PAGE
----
Note: Sorry, readers. So many directives and I pulled the wrong one for last week’s column. Gov. Steve Sisolak’s directive towing restrictions have been eliminated as of June 24. Do remember the normal towing restrictions in Nevada Revised Statutes 116.

Q: Since our last correspondence, I have been elected to the board; fired our old management company; converted all the backyards to desert landscaping; and received rebates from the Las Vegas Water District, which exceeded the cost of the project! Everyone’s happy. Now I have a new question.

I have followed your column about renters. I understand the homeowners association cannot evict a renter and must proceed against the owner. We have a problem renter that has received numerous notices of noncompliance and also has threatened workers, board members and management company inspectors. He threatened to shoot one of our board members after accusing him of trespassing on HOA property. The police were called. Anyway, is there any additional measure that the board can take short of sending violation notices to the owner? Especially when police have to be called due to threats. What else can the HOA do to evict a tenant that continues to violate board rules?

A: The association cannot evict the tenant. A formal complaint with the attorney general is warranted especially if he threatened to shoot one of your board members. With the numerous notices of noncompliance and with the recent threat, you should contact your association’s legal counsel to send a letter informing the homeowner that he needs to evict the tenant. The attorney also can add a health, safety or welfare letter pertaining to the threat as it is a violation under NRS 116.31184.

Q: On Dec. 13, an Architectural Review application was submitted for patio cover concrete and landscaping, with pictures of the backyard and $500 deposit. It was approved on March 20. On April 8, the director of my homeowners association called to find out if the project was completed.

She was informed that because of the coronavirus, the man who was hired for the project was unable to start it. I told her she would be informed and updated. The project was completed on May 2. Pictures of the completed work were mailed to HOA on May 29.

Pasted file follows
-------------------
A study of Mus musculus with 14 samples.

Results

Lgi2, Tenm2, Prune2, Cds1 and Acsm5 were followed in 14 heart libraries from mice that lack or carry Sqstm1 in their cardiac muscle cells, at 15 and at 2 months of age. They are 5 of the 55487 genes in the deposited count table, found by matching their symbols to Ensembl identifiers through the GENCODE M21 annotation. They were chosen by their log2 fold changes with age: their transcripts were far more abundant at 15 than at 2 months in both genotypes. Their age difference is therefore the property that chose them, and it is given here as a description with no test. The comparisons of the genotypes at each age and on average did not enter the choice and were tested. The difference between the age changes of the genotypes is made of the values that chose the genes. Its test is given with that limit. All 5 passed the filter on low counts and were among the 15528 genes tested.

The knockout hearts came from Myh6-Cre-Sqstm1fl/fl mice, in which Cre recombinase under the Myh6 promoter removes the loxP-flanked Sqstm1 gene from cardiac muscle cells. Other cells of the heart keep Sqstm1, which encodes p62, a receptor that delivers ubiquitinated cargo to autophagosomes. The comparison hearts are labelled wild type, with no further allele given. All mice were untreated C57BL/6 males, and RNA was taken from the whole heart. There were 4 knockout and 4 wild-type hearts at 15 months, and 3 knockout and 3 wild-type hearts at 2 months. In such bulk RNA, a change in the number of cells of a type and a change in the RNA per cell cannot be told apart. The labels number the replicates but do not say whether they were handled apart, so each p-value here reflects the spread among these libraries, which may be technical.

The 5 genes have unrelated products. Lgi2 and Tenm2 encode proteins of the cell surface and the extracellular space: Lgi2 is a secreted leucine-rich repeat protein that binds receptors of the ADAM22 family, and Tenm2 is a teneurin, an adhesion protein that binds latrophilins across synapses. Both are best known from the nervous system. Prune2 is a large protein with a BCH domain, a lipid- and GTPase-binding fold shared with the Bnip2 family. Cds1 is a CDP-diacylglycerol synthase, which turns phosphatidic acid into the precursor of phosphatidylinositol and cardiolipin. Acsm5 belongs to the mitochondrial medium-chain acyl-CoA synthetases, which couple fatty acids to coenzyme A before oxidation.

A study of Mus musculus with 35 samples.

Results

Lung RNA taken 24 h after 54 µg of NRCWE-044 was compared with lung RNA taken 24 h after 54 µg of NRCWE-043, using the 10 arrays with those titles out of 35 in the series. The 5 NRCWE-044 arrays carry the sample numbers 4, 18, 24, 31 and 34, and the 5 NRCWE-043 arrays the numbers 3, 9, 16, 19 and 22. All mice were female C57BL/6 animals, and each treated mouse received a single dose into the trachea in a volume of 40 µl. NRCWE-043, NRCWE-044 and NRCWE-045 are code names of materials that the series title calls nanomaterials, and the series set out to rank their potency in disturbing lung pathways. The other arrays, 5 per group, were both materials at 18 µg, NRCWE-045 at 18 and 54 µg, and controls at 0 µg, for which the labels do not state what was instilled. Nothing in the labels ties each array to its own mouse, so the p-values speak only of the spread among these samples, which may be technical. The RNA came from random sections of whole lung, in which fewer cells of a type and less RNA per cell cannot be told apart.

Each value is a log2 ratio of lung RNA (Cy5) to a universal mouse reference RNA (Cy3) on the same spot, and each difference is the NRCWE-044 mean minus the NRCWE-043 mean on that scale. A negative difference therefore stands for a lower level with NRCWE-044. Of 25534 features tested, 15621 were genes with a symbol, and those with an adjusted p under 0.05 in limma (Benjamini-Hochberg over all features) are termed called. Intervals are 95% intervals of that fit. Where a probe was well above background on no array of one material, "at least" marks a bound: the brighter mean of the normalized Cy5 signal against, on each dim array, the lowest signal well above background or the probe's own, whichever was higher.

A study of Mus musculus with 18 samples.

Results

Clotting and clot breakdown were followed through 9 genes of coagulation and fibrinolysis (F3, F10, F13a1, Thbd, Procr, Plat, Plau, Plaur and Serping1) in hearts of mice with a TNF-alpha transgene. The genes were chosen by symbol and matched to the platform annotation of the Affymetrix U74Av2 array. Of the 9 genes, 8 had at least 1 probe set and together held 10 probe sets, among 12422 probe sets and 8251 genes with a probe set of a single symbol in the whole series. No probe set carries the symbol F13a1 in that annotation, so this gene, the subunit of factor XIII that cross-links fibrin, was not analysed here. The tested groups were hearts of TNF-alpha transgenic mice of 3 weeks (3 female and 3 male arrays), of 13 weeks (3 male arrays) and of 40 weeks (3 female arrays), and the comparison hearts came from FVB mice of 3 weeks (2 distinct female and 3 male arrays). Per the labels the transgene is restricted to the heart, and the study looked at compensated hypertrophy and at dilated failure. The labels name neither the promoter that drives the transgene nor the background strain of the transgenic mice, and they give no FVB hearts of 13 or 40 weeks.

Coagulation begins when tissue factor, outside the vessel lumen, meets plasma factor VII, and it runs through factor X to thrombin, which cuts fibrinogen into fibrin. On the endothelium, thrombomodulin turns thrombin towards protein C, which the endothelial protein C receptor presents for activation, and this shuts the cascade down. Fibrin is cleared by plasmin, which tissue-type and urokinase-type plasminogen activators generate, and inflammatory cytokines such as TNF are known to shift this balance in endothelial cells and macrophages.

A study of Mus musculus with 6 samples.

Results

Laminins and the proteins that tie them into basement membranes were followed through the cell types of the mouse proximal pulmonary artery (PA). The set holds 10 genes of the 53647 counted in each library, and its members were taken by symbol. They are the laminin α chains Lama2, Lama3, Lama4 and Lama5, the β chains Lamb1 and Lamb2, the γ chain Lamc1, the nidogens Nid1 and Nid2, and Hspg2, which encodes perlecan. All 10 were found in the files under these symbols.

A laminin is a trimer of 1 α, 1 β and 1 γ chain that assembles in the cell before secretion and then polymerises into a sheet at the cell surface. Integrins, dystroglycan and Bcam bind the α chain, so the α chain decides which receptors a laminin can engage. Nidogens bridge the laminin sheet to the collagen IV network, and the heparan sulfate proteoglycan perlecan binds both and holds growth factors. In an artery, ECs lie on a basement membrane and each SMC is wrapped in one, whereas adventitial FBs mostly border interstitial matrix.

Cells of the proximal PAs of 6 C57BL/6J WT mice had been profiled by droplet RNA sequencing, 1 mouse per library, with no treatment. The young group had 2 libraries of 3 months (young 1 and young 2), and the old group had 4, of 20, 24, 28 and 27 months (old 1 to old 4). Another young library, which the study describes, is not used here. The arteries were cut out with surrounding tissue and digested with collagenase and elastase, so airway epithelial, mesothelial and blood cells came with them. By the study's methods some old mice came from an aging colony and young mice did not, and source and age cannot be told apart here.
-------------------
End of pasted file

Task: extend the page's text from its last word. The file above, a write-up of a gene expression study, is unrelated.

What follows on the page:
When I didn’t hear from the board I called to find out if they received pictures and inquired about my $500 deposit. I was told the board didn’t have them. I reported to the staffer that someone signed for them on June 1. She said she was going to find out who signed for the photos and would be calling me back since she didn’t want to keep me on hold. No one returned my call. On July 1, I called back. I was told to leave a message on the voice mail. No one has returned my call; where do I go from here?

A: Call the association again and speak with the community manager or their supervisor. You may need to write a letter stating all of the facts and enclosing any signed paperwork from the association. The letter should state that you have followed all of the requirements and want to have a time certain of when you can receive your deposit. If you do not receive any responses, you would need to file a small claims action for your deposit.

Q: Can a newly elected HOA member live off the property and still be on the board? They are owners of the unit and rent the unit to their family.

A: There are no residency restrictions to become a member of the board under NRS 116. You will need to check their governing documents to see if there is a residency restriction.

Barbara Holland is a certified property manager and holds the supervisory community manager certificate with the state of Nevada. She is an author and educator on real estate management. Questions may be sent to holland744o@gmail.com.